Elisa Baniassad

Associate Professor of Teaching
ebani@cs.ubc.ca | she/her
Computer Science Department, UBC
329 - 2366 Main Mall
Traditional Musqueam Territory
Vancouver, BC, CA

The latest:
Recently in CPSC 310 I've been conducting a series of interviews in my class, which has been amazing. I've talked SE process with Gail Murphy, chatted about abstraction with Gregor Kiczales and discussed diversity and inclusion and roadways to CS with Cinda Heeren

The Faculty of Science put out a series of videos to welcome new students, and the team did a great job with my video!

My plots of the early stages of the COVID Pandemic in BC were covered in an article by Roberto Rocha of the CBC.

I am a co-chair of SPLASH-E 2020. Please ask me about getting involved.

I did an interview with the Faculty of Science PR team: Towards a Pure Aesthetic of Teaching

Tiara Allidina has made an amazing Mastery learning demo that we're happy to answer questions about!

I was thrilled to be a recipient of UBC's Killam Teaching Prize in 2019.

Recent papers:
Upcoming papers at SPLASH-E and SIGCSE
Learning to Listen for Design at SPLASH-Onward Essays, 2019, together with Ivan Beschastnikh, Reid Holmes, Gregor Kiczales and Meghan Allen.
Teaching Software Construction at Scale with Mastery Learning: A Case Study at ICSE SEET 2019, with Alice Campbell, Tiara Allidina, and Asrai Ord
Making the Liskov Substitution Principle Happy and Sad. short paper at ICSE SEET 2018, and presented in an earlier form at SPLASH-E 2017.

About me!

I am an Associate Professor of Teaching in the Computer Science department at UBC. I primarily teach Software Construction (CPSC 210) and Software Engineering (CPSC 310).
I am also the instructor for the Software Construction MOOC that is part of the UBCx Software Development MicroMasters. (Software Construction Course Here signup required, but not payment. If you don't want to sign up, you can also see the videos directly on youtube, viewable free from here)

I obtained my MSc (1998) and PhD (2002) at UBC-CS with Gail Murphy. I looked at linking design documentation to software artifacts using lightweight mechanisms. I also collaborated on early assessments of Aspect-Oriented Software Development. In the beginning of 2002, I then went on to hold an NSERC Post Doc at Trinity College Dublin, where I worked with Siobhan Clarke. While there, I continued work on Aspect-Orientation in Software Requirements, and co-wrote a book on Aspect-Oriented Software Design with Siobhan. In 2005, I took a faculty position at Chinese University of Hong Kong, where I explored alternate programming models with my student Sebastian Fleissner, and continued looking at Aspects in design. In 2010, I moved from there to the Australian National University, where I collaborated with Dirk van Rooy on group dynamics in Software teams, led by our joint student, Alvin Teh. As of 2014, I am back at UBC, focusing on the pedagogy of software engineering. I engage in studies of students' experience and learning models, and also work on innovating student feedback, and on providing meaningful simple visualisations to assist in concept retention.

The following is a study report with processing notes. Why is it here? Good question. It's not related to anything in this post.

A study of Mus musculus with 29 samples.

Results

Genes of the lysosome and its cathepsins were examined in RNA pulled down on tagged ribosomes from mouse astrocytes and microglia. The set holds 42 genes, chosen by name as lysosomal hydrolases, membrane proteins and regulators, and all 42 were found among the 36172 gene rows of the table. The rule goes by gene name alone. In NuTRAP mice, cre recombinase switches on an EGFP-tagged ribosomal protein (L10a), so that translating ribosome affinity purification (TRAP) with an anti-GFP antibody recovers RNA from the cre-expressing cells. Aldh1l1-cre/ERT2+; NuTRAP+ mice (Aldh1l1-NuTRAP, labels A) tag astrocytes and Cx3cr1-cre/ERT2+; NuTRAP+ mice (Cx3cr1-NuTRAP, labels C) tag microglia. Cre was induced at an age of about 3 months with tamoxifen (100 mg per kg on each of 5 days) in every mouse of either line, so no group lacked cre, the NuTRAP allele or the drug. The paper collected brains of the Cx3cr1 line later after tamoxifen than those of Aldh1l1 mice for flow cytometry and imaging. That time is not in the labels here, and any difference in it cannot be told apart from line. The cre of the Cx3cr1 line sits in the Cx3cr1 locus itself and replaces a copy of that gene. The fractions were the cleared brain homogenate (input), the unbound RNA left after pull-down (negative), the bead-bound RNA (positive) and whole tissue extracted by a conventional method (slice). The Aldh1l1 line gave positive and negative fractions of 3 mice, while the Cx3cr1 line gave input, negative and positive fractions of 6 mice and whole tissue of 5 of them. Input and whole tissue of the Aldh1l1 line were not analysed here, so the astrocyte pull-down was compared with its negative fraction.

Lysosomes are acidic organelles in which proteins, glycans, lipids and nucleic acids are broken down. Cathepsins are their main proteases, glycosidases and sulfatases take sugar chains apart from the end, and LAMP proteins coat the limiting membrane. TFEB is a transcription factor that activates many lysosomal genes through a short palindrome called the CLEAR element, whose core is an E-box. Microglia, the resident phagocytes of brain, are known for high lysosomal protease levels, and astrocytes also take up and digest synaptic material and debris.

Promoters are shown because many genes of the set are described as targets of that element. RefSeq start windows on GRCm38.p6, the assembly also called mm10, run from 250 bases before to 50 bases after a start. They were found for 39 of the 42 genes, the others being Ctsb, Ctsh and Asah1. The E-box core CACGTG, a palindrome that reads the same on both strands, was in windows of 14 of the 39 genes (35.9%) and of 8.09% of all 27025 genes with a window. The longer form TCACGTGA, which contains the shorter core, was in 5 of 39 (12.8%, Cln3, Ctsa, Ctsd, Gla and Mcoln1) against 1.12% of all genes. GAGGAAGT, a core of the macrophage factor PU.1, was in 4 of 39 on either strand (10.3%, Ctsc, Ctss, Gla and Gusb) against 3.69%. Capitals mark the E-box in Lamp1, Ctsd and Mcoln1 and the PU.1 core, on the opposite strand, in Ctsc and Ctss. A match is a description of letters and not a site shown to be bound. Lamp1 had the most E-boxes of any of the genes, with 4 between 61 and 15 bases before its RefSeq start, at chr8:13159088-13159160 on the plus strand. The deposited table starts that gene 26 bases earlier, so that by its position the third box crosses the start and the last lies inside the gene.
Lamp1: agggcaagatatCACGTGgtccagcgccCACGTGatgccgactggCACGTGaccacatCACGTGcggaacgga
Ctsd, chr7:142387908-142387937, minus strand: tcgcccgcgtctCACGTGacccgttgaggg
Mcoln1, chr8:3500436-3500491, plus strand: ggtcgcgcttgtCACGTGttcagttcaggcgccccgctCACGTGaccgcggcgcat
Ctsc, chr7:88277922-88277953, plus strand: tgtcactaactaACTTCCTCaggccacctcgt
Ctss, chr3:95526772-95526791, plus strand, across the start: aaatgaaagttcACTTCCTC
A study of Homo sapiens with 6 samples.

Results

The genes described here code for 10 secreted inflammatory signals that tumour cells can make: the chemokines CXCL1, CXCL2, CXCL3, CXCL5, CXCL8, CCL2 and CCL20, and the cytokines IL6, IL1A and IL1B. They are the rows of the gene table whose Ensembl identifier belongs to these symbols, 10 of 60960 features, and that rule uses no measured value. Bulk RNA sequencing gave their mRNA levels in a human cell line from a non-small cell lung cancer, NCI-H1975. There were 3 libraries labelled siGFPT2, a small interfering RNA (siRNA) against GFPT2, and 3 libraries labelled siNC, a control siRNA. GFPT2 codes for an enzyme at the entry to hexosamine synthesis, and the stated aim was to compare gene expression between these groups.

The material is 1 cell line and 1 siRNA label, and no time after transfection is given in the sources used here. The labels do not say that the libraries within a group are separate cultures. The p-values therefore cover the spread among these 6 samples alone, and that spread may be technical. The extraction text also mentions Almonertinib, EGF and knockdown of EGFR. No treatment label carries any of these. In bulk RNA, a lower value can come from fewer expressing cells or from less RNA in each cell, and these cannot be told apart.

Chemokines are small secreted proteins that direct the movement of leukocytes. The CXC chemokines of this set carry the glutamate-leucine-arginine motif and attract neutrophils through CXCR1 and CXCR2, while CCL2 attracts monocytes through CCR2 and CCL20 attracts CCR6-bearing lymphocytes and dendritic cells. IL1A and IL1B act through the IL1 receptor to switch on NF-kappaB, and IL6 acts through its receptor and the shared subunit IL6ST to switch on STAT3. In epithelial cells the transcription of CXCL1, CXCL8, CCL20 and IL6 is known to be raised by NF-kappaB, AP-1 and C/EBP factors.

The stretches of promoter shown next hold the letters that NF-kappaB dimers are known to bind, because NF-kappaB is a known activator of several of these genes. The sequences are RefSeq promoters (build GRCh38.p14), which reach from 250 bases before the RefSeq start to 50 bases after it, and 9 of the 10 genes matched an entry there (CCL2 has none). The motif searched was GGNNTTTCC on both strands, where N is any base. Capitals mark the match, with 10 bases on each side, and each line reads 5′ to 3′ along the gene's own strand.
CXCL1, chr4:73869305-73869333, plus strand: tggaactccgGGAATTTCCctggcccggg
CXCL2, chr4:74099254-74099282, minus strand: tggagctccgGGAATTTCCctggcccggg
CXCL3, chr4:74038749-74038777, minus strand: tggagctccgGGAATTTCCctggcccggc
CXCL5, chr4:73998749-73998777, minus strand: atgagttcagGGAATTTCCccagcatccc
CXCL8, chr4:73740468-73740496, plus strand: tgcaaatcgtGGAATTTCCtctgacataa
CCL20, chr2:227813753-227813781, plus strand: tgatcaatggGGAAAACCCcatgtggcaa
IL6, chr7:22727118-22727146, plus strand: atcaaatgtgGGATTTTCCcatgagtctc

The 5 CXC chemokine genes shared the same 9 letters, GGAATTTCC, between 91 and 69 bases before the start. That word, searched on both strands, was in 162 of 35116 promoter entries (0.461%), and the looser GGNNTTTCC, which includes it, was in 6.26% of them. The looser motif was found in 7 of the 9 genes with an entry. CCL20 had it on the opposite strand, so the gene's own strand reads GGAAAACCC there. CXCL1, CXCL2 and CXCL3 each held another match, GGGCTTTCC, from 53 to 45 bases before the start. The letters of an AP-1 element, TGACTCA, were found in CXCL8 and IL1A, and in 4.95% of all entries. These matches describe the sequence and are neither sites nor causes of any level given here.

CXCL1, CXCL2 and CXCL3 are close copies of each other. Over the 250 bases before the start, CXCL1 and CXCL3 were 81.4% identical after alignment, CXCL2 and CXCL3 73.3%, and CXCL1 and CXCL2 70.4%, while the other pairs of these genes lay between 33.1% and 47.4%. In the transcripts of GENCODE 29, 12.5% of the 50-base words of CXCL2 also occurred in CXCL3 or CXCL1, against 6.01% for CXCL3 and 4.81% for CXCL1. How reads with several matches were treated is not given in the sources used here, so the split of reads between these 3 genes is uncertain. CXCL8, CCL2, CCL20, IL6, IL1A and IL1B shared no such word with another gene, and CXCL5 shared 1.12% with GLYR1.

Between the ANU and returning to UBC, I took a year off and painted!

I was honoured with departmental teaching awards, in 2015 and 2017, and the Killam Teaching prize in 2019.

Current Projects

I'm exploring several areas related to Mastery Learning, based on our experiences on applying mastery learning in CPSC 210. I'm looking at questions regarding productive failure, periodic assessment, and patterns of skill acquisition. I am collaborating with Skylight Education Specialist, Alice Campbell.

I am continuing my work on group efficacy and group dynamics by looking at effectiveness of groups in CPSC 310, and other courses throughout the department, with particular interest in individual experiences within groups. This work is partially funded by the SoTL Seed program, under which I am collaborating with Particia Varao-Souza from the department of Psychology.

I am recruiting graduate students, and am also open to supervising 448 (directed studies) projects, and if your research goals align with the projects described above, please feel free to contact me.